Common Assessments in the Garden
Place of Learning: 

ESY Berkeley Teaching Staff
Edible Schoolyard Project
Berkeley, CA

In the garden, we rely on a variety of practices to assess our teaching and our students’ knowledge. Reporting out in a group setting, playing interactive games, and applying skills in the field can be used successfully throughout garden class as assessment practices.
Assessment Practices
  • Share an Observation/One Thing You Learned: We often use this assessment following our tastings or at the changing of the seasons. Each student shares one observation she/he/they has made. You can use a posted sentence structure to make this activity accessible to all learners (“I notice that my ________ tastes/looks/feels/smells/sounds like ________.”).
  • Think-Pair-Share: Students turn to a partner and share their answers to the posed question. This is a great way to involve students who are more timid and avoid raising their hands even if they know the answer. This is another optimal time to use a posted sentence structure to support the students’ conversations.
  • Hold Up Your Five Fingers: This assessment can be used at the beginning and end of the lesson as a temperature check of knowledge.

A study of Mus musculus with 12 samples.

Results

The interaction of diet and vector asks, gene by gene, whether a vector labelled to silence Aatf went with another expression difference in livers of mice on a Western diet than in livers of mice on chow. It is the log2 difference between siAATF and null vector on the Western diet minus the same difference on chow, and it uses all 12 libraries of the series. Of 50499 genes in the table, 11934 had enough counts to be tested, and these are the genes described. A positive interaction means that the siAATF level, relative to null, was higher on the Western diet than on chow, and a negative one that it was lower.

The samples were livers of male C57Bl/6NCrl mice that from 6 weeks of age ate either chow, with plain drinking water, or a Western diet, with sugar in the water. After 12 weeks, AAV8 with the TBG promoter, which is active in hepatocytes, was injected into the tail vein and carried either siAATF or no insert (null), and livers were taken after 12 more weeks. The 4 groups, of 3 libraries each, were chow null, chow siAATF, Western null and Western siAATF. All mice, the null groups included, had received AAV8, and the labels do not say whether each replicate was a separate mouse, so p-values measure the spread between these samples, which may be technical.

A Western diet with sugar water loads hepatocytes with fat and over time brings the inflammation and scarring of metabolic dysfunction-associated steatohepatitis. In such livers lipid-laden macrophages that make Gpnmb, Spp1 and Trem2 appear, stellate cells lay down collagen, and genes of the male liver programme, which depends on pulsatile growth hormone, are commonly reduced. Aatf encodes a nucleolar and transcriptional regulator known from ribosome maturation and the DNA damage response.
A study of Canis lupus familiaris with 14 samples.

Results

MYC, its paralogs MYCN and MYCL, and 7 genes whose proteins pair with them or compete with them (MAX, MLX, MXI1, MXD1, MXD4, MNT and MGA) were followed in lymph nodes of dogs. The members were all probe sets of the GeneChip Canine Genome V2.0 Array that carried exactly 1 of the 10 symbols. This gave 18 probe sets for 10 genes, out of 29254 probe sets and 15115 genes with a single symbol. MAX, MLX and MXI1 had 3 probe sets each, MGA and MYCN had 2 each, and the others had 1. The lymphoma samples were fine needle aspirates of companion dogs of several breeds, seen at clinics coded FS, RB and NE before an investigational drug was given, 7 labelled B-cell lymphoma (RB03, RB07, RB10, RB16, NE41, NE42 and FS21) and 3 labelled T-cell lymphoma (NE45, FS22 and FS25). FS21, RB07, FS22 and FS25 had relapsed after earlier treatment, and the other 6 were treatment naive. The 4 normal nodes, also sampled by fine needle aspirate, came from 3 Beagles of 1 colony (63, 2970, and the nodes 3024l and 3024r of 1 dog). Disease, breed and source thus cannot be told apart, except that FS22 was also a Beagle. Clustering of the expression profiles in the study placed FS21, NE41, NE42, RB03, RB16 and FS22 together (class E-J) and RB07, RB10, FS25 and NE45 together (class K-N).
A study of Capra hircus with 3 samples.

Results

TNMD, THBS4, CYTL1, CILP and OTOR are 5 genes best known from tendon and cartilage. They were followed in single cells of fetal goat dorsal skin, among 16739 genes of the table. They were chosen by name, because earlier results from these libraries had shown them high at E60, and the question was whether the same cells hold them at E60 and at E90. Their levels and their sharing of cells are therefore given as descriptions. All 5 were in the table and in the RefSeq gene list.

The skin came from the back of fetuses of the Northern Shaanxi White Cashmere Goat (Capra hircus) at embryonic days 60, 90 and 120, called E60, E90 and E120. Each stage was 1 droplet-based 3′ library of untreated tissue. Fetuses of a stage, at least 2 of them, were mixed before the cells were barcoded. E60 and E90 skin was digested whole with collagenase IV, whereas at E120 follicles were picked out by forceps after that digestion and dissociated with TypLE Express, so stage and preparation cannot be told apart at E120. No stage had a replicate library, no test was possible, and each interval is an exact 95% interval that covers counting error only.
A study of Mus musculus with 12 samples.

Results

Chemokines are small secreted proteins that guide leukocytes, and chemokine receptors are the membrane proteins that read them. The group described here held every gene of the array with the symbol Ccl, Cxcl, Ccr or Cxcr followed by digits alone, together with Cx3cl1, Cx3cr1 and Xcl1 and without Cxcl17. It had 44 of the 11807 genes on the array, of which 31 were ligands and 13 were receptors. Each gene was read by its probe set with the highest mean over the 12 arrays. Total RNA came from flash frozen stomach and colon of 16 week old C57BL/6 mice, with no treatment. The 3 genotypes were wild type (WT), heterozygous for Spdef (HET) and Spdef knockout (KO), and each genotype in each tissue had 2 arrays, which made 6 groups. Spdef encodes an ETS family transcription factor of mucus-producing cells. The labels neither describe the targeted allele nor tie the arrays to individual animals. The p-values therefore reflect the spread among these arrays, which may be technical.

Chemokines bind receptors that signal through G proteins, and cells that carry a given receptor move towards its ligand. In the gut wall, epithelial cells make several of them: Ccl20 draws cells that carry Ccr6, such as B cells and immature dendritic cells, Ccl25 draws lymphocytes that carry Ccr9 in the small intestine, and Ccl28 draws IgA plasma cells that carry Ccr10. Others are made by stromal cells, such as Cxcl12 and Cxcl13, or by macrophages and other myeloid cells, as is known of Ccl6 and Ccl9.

• Report-Outs: In closing circle, we often ask one or two representatives from each working group to share out a summary of what their group accomplished in class or a highlight from their time working together.
  • Wind Blows Game: This game is similar to musical chairs in that the objective is to find a seat within the circle (with one less seat than the number of participants). One person stands at the front of the Ramada and reads a statement on a card beginning with “The wind blows...” If the statement applies to them, students get up and switch places with another student. The last student remaining then reads the next statement. The subject matter of the cards can be changed to fit any lesson (Examples: “The wind blows if you cultivated a bed today.” “The wind blows for anyone who saw a pollinator today.” “The wind blows if you can name one method of water conservation.”).
  • Appreciations: We allow time for students to share written or verbal appreciations for each other, teachers, and other organisms in the garden ecosystem. For example, after a lesson on the carbon cycle, students wrote appreciations for our Grandmother Oak tree and hung them from her branches.
  • Success in the Field: Teachers are consistently observing and guiding student engagement in field activities. Teachers will often demonstrate garden tasks and give students the opportunity to practice these tasks independently. Teachers can then assess the efficacy of their instructions and give feedback as needed. Teachers also encourage students to teach each other, which develops student leadership and provides information to the teachers about what information students retain, as well as what they find important enough to convey, about the task at hand. Teachers can identify potential student leaders using temperature checks, or pre-assessments, to gauge students’ prior knowledge.